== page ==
Three branch libraries won’t have to cut hours or reduce programs after the Santa Barbara County Board of Supervisors agreed Tuesday to make up deficits in their operating budgets totaling $68,447 by using cannabis tax revenues.
By increasing the county’s contribution, the previously approved budget for providing library services will rise to a little less than $3.86 million.
Orcutt branch will receive $12,261, Vandenberg Village will see an additional $11,229 and Montecito’s additional allocation will be $44,956.
In the same unanimous vote, supervisors also approved an agreement with four cities to provide library services at the county branch locations within the four library zones for the current fiscal year.
The agreement now will go to the Santa Maria, Lompoc, Goleta and Santa Barbara city councils for ratification, according to a County Community Services Department staff report.
If ratified by the cities, Santa Maria will receive almost $1.29 million to provide library services in Zone 3 communities of Cuyama, Guadalupe, Los Alamos and Orcutt as well as Santa Maria.
Lompoc will receive $499,650 to provide library services for Zone 2 residents in Vandenberg Village and Vandenberg Air Force Base in addition to Lompoc.
Goleta will be allocated $961,081 to provide services in the Zone 4 communities of Solvang, Buellton, Santa Ynez, Los Olivos, Gaviota, Isla Vista, Hope Ranch, eastern Goleta Valley and County Service Area 3 as well as Goleta.
However, Goleta will pick up an additional $200,000 from CSA 3 through Measure L, which was approved to fund library and other services in the Goleta area.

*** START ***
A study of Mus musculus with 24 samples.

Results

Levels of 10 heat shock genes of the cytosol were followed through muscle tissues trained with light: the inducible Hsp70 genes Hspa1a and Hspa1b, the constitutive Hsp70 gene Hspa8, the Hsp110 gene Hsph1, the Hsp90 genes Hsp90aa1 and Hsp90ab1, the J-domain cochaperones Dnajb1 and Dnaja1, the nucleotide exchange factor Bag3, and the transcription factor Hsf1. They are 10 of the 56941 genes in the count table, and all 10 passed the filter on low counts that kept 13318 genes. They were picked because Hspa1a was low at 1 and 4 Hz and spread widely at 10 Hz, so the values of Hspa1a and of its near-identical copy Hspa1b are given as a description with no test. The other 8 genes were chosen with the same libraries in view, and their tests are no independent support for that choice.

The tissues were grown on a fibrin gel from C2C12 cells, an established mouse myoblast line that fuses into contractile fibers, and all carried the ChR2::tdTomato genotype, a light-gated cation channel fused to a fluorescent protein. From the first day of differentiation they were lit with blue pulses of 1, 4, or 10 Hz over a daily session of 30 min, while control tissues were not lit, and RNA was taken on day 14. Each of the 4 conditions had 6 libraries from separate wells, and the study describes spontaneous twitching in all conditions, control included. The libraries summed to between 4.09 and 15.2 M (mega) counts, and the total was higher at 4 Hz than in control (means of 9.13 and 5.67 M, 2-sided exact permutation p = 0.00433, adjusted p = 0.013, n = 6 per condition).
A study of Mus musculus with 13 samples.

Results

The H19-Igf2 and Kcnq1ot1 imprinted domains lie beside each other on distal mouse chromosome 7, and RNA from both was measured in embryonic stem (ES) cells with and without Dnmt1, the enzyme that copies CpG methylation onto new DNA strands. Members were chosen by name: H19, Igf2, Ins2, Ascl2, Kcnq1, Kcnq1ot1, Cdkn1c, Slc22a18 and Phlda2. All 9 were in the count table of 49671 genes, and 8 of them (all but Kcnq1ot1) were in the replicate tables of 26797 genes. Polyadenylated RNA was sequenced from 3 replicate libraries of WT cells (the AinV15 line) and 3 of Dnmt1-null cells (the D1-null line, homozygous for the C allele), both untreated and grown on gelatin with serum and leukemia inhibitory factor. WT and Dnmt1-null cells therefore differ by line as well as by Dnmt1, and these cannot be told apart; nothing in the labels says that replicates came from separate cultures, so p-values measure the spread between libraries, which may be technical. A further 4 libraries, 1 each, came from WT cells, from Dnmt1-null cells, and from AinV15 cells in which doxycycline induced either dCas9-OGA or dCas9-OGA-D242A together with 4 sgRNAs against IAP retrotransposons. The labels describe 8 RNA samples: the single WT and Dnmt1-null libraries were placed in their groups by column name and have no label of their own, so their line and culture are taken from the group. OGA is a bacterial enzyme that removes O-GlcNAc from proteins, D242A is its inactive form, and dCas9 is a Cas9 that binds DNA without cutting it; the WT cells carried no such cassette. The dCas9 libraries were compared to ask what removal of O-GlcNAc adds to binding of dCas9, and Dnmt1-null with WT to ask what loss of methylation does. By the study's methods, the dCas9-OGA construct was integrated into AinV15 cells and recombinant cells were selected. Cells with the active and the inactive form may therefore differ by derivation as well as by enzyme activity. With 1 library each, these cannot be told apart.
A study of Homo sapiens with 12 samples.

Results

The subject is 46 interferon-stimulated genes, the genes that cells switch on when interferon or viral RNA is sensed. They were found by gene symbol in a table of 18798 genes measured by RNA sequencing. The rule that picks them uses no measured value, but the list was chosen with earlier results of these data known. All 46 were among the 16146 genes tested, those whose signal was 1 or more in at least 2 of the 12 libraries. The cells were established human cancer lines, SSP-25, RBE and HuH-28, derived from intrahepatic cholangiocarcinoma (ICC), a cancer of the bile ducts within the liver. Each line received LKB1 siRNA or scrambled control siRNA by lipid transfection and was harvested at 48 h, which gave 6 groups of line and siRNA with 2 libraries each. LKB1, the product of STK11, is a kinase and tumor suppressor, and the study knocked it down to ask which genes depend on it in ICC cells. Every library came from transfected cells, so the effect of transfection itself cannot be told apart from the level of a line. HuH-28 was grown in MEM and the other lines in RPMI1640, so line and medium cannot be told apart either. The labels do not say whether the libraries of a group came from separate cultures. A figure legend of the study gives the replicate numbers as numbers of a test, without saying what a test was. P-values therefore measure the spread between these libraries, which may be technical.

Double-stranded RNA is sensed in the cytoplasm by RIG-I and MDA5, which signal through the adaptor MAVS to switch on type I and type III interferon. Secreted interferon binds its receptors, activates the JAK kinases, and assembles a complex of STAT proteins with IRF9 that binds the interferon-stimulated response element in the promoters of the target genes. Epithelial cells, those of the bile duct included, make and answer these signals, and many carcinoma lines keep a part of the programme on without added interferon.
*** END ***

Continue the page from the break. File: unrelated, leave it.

Santa Barbara’s allocation of just over $1.10 million is for library services for the Zone 1 communities of Carpinteria and Montecito as well as Santa Barbara.
Meanwhile, the Library Ad Hoc Committee and county staff will continue searching for a mechanism to provide stable, sustainable funding for the County Library System so the branch libraries won’t have to ask the board every year for money to keep the facilities operating.
According to the staff report, the committee expects to deliver its findings to supervisors early in 2020.
“What other options are there to bring back in 2020?” asked Board Chairman and 5th District Supervisor Steve Lavagnino.
Chief Financial Officer Ryder Bailey responded that the county currently has no mechanism for cost-of-living increases in library funding, so essentially the amount the county provides is going down each year.
First District Supervisor Das Williams, who serves on the ad hoc committee, added that Orcutt Branch Library’s sustainability could be improved if a permanent location could be found, because rent makes up a major part of the branch’s operating deficit.
Third District Supervisor Joan Hartmann agreed and noted the same is true for the Guadalupe Branch Library.
The county’s contribution to library operations in each zone is based on the total population of that zone at a rate of $7.80 per capita, although during budget workshops in April the board used cannabis tax revenue to increase that amount to address deficits at all nine branch libraries.
“I don’t think it’s any secret I think the whole library system needs to be revamped,” said 4th District Supervisor Peter Adam. “As discussed on previous occasions, lots of other things need funding.”
But Second District Supervisor Gregg Hart, who moved to approve the extra funds and the services agreement, expressed optimism: “I think this is something to be encouraged by. There’s a lot going on in the right direction.”